Denmark Information - Page 1
Geography
The Kingdom of Denmark is in Northern Europe. The country forms a link between Europe and Scandinavia (Denmark, Norway and Sweden). Denmark's land border is with Germany, its long coastline is surrounded by the North Sea and bordered by the Baltic Sea.

The country consists of a peninsula (Jutland) and many islands including Zealand (Sjaelland), Fyn and Bornholm. Greenland, one of the world's largest islands, is self-governing but a territory of the Kingdom. The eighteen Faroe Islands are also an autonomous region of the Kingdom of Denmark.

Copenhagen is the capital city. Other cities include Arhus, Odense and Aalborg.

The country is low and flat with rolling hills. However, the island of Bornholm is hilly and rugged. The coastline is particularly long with a number of fjords.

Denmark has a temperate coastal climate.

Environment
Denmark has few forests; the island of Bornholm is the kingdom's most densely forested region.

Protected areas include Laeso, Kongernes Nordsjaelland, Lille Vildmose, Mols Bjerge, Mon, Thy, and Vadehavet.

A number of protected areas are listed by Ramsar as Wetlands of International Importance. The wetlands are staging points for many migratory birds. The sites of Horsens Fjord, Avno Fjords and Laeso are important areas for seals.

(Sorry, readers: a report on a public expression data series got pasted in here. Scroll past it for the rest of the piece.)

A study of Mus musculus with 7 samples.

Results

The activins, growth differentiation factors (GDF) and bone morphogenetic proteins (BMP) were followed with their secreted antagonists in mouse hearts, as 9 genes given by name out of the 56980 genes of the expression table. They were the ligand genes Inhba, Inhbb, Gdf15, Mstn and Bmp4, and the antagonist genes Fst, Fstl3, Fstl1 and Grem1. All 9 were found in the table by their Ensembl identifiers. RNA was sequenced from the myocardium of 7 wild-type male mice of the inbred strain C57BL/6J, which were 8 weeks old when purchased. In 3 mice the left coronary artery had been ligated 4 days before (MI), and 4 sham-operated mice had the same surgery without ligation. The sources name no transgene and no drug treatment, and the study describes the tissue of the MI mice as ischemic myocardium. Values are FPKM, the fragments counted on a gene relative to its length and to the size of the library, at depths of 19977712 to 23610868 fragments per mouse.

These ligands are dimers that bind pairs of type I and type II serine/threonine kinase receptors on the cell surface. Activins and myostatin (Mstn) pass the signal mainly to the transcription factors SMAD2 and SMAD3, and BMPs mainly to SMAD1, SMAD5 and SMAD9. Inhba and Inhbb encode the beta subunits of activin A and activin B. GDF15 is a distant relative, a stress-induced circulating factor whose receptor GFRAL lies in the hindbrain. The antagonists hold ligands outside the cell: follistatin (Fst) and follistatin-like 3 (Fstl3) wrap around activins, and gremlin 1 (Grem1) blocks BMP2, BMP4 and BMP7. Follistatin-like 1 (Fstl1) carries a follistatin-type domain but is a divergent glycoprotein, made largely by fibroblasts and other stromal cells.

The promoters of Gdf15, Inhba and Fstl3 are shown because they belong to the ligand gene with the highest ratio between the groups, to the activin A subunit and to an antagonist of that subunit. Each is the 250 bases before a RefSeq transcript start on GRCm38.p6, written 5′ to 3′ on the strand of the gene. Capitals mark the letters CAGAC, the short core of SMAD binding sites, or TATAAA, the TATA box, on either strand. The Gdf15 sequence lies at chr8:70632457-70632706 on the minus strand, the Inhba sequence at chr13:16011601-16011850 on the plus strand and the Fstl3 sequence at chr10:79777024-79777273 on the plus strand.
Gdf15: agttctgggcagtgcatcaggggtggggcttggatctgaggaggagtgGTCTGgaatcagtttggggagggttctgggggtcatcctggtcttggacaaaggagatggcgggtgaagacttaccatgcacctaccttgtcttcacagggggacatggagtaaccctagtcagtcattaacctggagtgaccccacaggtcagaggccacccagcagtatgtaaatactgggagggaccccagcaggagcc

Like most industrialised countries Denmark suffers from water and air pollution. The Danish government encourages wind power as a source of energy and the use of bicycles to reduce the number of cars on the road.

Architecture
Timber was the traditional building material of the Vikings who lived in timber-framed homes with wattle and daub walls.

Early Christian churches were also built in wood but stone was introduced as a more durable material. Brick-making came to Denmark in the mid twelfth century. The Gothic style Roskilde Cathedral, inscribed on the World Heritage List in 1995, was the first Scandinavian cathedral constructed with bricks.

The Royal castle of Kronborg at Helsingor (Elsinore), built in the sixteenth century, is also on the World Heritage List.

Today architecture is a mixture of the old and the new. Many beautiful castles, including those built during the reign of King Christian IV (1588-1648), can be seen throughout the country.

The most famous building designed by a Danish architect is Jorn Utzon's Sydney Opera House.

Population
The population of Denmark was estimated at 5,484,723 in July 2008.

Languages
Danish is the official language. Faroese is spoken in the Faroe Islands and Greenlandic, an Inuit dialect, is spoken in Greenland. English is the main second language.

Religion
The majority of the Danish people are Evangelical Lutherans; there are minorities of Protestants, Roman Catholics and Muslims.

Food
Denmark is known for Danish pastries, open sandwiches (smorrebrod) and meatballs. Other traditional recipes are for rice porridge, dumplings and various fish dishes.